By Martin Buzacott
“DON’T cut me down, for I am innocent. Don’t cut me down, I am your friend.”
Ostensibly the lyrics are about old-growth forests, but on the opening night of her first solo Australian tour in nearly two decades, Olivia Newton-John’s song from the Gaia album could equally have been referring to herself. Visibly nervous, and with a catch in her voice that sometimes threatened to become a croak, the fiftysomething darling of the Australian burbs professed herself to be scared of how she would be received.
It’s a risk that leagues club and pop-nostalgia acts always face after long absences - have the fans moved on? As it turned out, the Queen of the 1980s full-body work-out needn’t have worried. It’s still virtually impossible to “cut down” Newton-John because to do so is to criticise a positive state of mind and the moral concept of wholesomeness.
Newton-John’s audience, like the star herself, is unrelentingly nice and she tells them so after each polite round of applause and in between sips of tea. To call her nearly 30-number set-list innocuous would be churlish. Finding her girl-next-door manner cloying is irrelevant. And far be it for us to criticise her loving relationship with 17-year-old daughter Chloe, who gets a solo spot and sings a couple of duets with mum.
Newton-John, after all, is a good old Aussie trooper, getting up there and having a go. And like a musical version of Reader’s Digest, her stultifying blandness is part of the successful formula.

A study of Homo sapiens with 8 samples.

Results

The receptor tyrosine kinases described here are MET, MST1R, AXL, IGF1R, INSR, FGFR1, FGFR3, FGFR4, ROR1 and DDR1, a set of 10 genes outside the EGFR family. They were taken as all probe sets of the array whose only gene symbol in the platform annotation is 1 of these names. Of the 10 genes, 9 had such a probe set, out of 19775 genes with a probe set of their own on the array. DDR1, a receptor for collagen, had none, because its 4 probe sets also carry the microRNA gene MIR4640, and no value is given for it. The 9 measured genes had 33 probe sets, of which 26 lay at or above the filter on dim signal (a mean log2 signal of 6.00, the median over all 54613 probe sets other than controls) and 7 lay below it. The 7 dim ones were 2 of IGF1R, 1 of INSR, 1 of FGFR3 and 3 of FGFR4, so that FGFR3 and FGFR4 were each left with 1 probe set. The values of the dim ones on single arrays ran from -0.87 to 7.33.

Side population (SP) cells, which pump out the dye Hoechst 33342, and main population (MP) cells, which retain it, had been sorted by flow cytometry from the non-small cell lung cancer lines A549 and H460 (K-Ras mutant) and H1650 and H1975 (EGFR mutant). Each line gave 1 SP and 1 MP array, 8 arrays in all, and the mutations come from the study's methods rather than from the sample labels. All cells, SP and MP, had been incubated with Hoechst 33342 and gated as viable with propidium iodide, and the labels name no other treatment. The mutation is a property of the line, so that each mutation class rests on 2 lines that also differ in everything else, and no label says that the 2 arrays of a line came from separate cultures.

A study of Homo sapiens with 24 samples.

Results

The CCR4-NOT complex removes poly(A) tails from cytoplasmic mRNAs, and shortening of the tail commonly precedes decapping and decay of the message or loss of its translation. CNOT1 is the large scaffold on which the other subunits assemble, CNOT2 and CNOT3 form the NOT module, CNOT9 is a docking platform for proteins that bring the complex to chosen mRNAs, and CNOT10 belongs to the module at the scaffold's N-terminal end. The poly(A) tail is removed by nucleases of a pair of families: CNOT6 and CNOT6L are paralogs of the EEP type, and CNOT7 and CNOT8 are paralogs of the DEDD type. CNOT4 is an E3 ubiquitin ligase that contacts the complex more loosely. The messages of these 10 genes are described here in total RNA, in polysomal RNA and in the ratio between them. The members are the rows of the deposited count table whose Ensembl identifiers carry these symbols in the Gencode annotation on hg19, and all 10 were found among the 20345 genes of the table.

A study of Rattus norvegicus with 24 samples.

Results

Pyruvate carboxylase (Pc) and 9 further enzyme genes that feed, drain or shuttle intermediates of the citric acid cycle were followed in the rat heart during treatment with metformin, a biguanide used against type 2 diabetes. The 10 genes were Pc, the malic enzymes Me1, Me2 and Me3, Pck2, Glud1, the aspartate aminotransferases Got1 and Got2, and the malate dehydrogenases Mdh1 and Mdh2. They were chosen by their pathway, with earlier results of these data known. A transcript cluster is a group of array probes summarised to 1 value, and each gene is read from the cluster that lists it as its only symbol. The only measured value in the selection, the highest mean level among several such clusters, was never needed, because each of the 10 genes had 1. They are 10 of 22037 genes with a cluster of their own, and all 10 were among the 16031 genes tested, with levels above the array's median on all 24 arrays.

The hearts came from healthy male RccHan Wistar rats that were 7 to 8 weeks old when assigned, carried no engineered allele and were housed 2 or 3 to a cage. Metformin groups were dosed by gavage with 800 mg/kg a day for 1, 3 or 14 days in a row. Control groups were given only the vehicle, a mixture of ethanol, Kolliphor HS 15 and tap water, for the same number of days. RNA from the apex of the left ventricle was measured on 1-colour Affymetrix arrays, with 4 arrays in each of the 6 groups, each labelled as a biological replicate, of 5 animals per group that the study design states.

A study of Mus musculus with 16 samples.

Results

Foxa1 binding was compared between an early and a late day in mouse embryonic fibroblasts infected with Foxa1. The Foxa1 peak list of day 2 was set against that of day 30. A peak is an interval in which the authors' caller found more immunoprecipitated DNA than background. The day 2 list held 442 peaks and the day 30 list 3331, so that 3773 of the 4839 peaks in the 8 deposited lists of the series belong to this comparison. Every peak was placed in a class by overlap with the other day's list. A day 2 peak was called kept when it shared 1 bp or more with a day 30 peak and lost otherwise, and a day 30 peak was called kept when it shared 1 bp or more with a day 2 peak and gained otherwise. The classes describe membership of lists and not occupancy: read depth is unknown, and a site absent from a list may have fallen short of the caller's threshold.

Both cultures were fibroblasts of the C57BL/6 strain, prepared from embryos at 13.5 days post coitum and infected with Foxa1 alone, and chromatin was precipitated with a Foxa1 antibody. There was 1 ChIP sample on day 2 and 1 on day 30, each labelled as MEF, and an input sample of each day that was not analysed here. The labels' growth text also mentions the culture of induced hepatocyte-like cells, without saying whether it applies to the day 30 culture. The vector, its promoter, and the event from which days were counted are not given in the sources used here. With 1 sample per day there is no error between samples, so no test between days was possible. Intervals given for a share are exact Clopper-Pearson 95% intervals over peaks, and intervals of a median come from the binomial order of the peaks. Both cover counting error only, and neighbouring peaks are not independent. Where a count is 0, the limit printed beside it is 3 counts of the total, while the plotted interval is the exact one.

Before a modestly sized audience she begins with a video retrospective of her long career and a snippet from I Honestly Love You, and then follows up with the hits from Xanadu, accompanied by scenes from the film playing overhead. All this occurs against a backdrop that looks suspiciously like two sets of lycra gym attire, mercifully devoid of the terry-towelling headbands.
Several numbers from her latest album of duets - called (2) - including a rocker from Keith Urban, suggest some semblance of modernity, but after a career spanning so many years, Newton-John knows what her audience wants and it’s not new.
In a sit-down bracket of the early hits If Not For You, Banks of the Ohio, Let Me Be There and Please Mr Please, she reveals a genuine country twang. There’s an interesting bossa nova version of Physical and a video duet with the late Peter Allen on Tenterfield Saddler. But beyond that, and despite the best rock-god efforts of guitarist Andy Timmons, the contribution from her seven-piece band and 25-piece orchestra resembles musical blancmange.
All the hits from Grease, including a desultory attempt at an audience singalong on Summer Nights, bring it to an end, before the obligatory encore of I Honestly Love You, which was greeted by her devoted fans with what appeared to be gasps of surprise. Perhaps they hadn’t expected it, despite the predictability of all that had gone before.
But outside of the music, it’s nice that Newton-John can look so well. Appropriately, she dressed in pure white - symbolic of innocence, of course, but also the colour of the line that goes straight down the middle of the road.